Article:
I am becoming more convinced that this question has real value in focusing the attention of small nonprofits on how best to think about knowledge management. And frankly, probably any organization. But the context in which this insight came to light for me is in working with small nonprofits.
Small, growing nonprofits are intriguing to me because many are truly mission-driven, innovative, entrepreneurial and intent on making an impact by changing some system. To survive financially, make an impact on their mission and find their place among all of the other organizations doing good work is a significant challenge. My first hand experience in understanding just how signifcant is in the work I do as a board member of The Talking Farm, a Chicago-area nonprofit focused on facilitating sustainable production and appreciation of locally grown foods in area urban and suburban communities. But through my role teaching a graduate course in knowledge management at Northwestern University, I have also had the opportunity to engage in discussion about knowledge management with a wide range of small or mid-size growing nonprofits.
Often the conversation begins because of a felt need to improve generally how things are shared across the organization, or more specifically about sharing “best practices.” The focus on best practices is particularly interesting to me: How can an organization inventing new ways of doing things in a complex environment even have best practices? (One of my pet peeves, clearly. Let’s first focus on discovering practices that seem to work, and understanding why they do…)
But what the people I speak with often discount is the huge value that comes from dialogue and sense-making — and the fact that they are likely already engaged in very effective practices that help them make sense of their work and the environment in which they operate. They have built tremendous social and professional networks. They meet and share stories routinely. They reach outside of their own arena of practice to learn and discover.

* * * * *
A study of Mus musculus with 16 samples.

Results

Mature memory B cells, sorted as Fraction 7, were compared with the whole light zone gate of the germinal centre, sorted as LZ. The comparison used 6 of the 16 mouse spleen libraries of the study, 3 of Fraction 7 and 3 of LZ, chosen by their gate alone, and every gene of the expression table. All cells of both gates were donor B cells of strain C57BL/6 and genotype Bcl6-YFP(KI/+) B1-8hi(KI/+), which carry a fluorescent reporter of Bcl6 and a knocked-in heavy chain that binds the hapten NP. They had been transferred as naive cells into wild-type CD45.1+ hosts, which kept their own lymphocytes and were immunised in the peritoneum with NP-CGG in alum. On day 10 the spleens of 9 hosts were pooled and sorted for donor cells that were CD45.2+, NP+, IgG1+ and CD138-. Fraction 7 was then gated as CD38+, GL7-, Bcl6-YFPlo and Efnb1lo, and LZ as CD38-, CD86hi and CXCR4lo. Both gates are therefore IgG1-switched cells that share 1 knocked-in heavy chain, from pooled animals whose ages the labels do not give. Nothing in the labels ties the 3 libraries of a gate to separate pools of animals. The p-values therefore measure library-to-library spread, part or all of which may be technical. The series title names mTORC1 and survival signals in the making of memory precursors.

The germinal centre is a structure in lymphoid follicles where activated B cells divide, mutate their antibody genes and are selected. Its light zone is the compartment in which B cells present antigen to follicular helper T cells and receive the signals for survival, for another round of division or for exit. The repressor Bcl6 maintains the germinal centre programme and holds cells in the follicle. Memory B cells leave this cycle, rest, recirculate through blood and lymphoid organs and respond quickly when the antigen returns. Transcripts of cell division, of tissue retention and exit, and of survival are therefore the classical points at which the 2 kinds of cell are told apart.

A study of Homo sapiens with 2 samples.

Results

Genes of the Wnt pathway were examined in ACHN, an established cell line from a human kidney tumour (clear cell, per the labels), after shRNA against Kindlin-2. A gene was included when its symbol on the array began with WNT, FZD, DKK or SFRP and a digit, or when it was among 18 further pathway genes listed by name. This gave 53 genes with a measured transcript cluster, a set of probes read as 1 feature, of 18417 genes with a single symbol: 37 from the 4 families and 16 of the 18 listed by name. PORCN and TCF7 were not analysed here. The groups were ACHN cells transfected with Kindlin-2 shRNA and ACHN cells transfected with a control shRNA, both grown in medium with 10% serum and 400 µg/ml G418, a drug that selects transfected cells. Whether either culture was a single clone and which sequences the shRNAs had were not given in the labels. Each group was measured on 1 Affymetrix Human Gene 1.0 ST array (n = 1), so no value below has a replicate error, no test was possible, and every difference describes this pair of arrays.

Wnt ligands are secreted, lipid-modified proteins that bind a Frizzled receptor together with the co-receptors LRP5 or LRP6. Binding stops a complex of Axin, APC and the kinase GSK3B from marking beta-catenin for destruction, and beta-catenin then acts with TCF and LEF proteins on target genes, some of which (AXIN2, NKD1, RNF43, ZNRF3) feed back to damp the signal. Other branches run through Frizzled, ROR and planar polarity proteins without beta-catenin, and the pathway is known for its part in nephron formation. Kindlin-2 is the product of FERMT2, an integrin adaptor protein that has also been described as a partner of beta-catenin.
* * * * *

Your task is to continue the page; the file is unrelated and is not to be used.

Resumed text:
So yes, there are lots of things a KM practitioner might recommend to these nonprofits to help improve their knowledge sharing capabilities. But I think the starting point needs to be establishing a clear understanding of what practices — recognized or not — help them currently make sense of their environment. And then carefully add things to the mix by asking first: How does THIS [new activity or technology] help us make sense of our work?
[For more on this topic of sense-making and KM, and the recent inspiration for my thinking here, see Jack Vinson’s Make sense personally and with the group, and the work of Harold Jarche and Luis Suarez as referenced in Luis’ recent post on personal knowledge management.]